Like animated jewelry, the bright copper hummingbirds have been rocketing through our yard for the past few weeks. I’m constantly amazed at how something that small can go that fast. Rufous Hummingbirds are our special treat this time of year. In spring they migrate northward along the Pacific flyway, making the enormous trek from Mexico to Oregon, Idaho, or even all the way to southern Alaska, in order to nest and raise their young. Now that they’re empty nesters, it’s time for the return trip.
Some Rufous hummers go home the way they came, flying through California. Others head for the Rockies. No one knows why—maybe they just want a change of scenery. The upshot of their wanderlust is that those of us who live in Colorado get a late summer fireworks display. Starting in mid-July and running until Labor Day, these feisty birds dominate the feeders.
I’ve hosted Broad-tailed Hummingbirds all summer. They arrived at the end of April, set up territories, and probably nested on our property (although I never found the nest). While defensive about their food sources, everyone seemed to be getting along… and then the Rufous Hummingbirds arrived. Suddenly, it’s pandemonium. This species apparently has some sort of inferiority complex. They’re smaller in size, but make up for it with a ferocious temperament that brooks no interference. The poor Broad-tails have to sneak in to grab a mouthful of sugar water—and they are immediately spotted and ousted. I’ve taken to hanging feeders in different parts of the yard to try and give everyone a chance. But it seems that no matter how many I hang up, more Rufous hummers arrive to own them. It’s good to know that hummingbirds rely on more than my sweet offerings—their main food source is insects.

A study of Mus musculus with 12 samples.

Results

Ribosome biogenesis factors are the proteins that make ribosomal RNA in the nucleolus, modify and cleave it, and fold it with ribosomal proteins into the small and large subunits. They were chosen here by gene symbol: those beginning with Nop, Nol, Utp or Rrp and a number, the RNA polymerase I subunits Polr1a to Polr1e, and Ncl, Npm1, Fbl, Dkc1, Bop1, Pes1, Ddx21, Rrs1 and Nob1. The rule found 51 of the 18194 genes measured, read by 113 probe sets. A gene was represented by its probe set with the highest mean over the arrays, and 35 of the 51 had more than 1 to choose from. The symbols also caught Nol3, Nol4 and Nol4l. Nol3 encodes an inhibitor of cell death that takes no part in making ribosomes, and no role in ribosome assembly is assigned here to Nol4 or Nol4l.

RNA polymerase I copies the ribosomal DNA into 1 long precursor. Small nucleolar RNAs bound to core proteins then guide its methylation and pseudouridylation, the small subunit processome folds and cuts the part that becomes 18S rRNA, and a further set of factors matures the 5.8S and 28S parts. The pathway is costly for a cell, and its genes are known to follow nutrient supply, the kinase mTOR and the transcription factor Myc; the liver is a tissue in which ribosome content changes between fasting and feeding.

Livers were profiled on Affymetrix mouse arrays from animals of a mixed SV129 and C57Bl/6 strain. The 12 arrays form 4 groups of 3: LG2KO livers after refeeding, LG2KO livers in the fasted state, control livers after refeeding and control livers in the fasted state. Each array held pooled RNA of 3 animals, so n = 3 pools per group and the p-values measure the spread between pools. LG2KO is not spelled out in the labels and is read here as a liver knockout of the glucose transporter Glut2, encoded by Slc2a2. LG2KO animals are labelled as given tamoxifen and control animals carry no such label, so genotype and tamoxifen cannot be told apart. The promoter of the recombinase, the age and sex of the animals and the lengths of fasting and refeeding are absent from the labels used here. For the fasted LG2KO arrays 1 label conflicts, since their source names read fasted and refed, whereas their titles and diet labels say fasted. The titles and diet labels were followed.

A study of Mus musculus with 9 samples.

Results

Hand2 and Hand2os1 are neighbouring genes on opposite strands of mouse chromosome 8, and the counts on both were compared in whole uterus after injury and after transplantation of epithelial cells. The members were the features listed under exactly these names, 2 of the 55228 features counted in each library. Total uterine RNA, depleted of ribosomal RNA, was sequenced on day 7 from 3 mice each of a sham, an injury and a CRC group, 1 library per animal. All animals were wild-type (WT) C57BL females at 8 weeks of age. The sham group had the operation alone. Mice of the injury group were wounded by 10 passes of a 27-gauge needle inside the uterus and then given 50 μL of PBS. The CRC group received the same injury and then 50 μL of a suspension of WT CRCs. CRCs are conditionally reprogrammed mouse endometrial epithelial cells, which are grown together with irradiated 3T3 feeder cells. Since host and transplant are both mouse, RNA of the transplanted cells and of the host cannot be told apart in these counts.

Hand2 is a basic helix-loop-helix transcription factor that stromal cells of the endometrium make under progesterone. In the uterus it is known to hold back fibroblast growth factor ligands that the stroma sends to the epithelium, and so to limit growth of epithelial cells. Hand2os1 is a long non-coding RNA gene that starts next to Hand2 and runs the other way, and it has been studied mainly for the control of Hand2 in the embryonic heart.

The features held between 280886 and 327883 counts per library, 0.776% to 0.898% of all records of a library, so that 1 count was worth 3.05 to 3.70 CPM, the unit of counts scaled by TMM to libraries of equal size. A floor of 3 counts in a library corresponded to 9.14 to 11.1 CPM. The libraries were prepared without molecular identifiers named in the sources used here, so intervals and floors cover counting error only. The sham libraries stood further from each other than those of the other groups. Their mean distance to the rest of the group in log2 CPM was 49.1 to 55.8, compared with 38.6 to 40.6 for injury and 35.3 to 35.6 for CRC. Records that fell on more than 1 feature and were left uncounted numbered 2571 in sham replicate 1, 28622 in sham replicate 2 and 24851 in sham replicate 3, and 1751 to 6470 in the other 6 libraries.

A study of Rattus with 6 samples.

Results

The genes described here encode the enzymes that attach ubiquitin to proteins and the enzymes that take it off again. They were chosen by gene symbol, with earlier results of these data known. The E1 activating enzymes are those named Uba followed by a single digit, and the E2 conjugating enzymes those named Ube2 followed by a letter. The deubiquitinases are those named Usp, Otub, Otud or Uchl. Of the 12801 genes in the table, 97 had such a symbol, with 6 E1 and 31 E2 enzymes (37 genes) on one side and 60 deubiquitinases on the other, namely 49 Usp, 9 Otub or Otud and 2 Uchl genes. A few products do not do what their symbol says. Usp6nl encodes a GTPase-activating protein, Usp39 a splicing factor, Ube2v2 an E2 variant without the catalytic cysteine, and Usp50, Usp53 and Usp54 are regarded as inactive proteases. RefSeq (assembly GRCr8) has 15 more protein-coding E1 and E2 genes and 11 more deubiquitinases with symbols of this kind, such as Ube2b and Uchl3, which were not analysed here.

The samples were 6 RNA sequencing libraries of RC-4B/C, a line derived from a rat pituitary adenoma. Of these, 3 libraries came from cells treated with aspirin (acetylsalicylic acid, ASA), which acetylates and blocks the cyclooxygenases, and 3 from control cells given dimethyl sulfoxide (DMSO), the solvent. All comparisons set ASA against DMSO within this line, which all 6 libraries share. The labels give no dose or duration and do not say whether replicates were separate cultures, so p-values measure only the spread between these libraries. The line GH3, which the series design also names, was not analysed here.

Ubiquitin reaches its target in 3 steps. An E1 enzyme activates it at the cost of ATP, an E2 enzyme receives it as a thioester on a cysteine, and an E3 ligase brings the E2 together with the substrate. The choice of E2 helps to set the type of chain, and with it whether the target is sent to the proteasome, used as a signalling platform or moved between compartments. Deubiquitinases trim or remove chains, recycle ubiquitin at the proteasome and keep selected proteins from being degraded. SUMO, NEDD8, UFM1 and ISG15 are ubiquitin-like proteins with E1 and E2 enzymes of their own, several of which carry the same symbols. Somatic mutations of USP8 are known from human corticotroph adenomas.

It’s all incredibly entertaining. I should have been working, but instead I was out on our balcony (where the feeders are hung), trying to grab shots with my camera and telephoto lens. Since I was wearing a copper-colored t-shirt myself, I was accosted several times by angry birds two inches long, insisting that I didn’t belong there. That’s all right. In another few weeks they’ll be gone, and life will settle down. I’ll miss my brilliant distractions.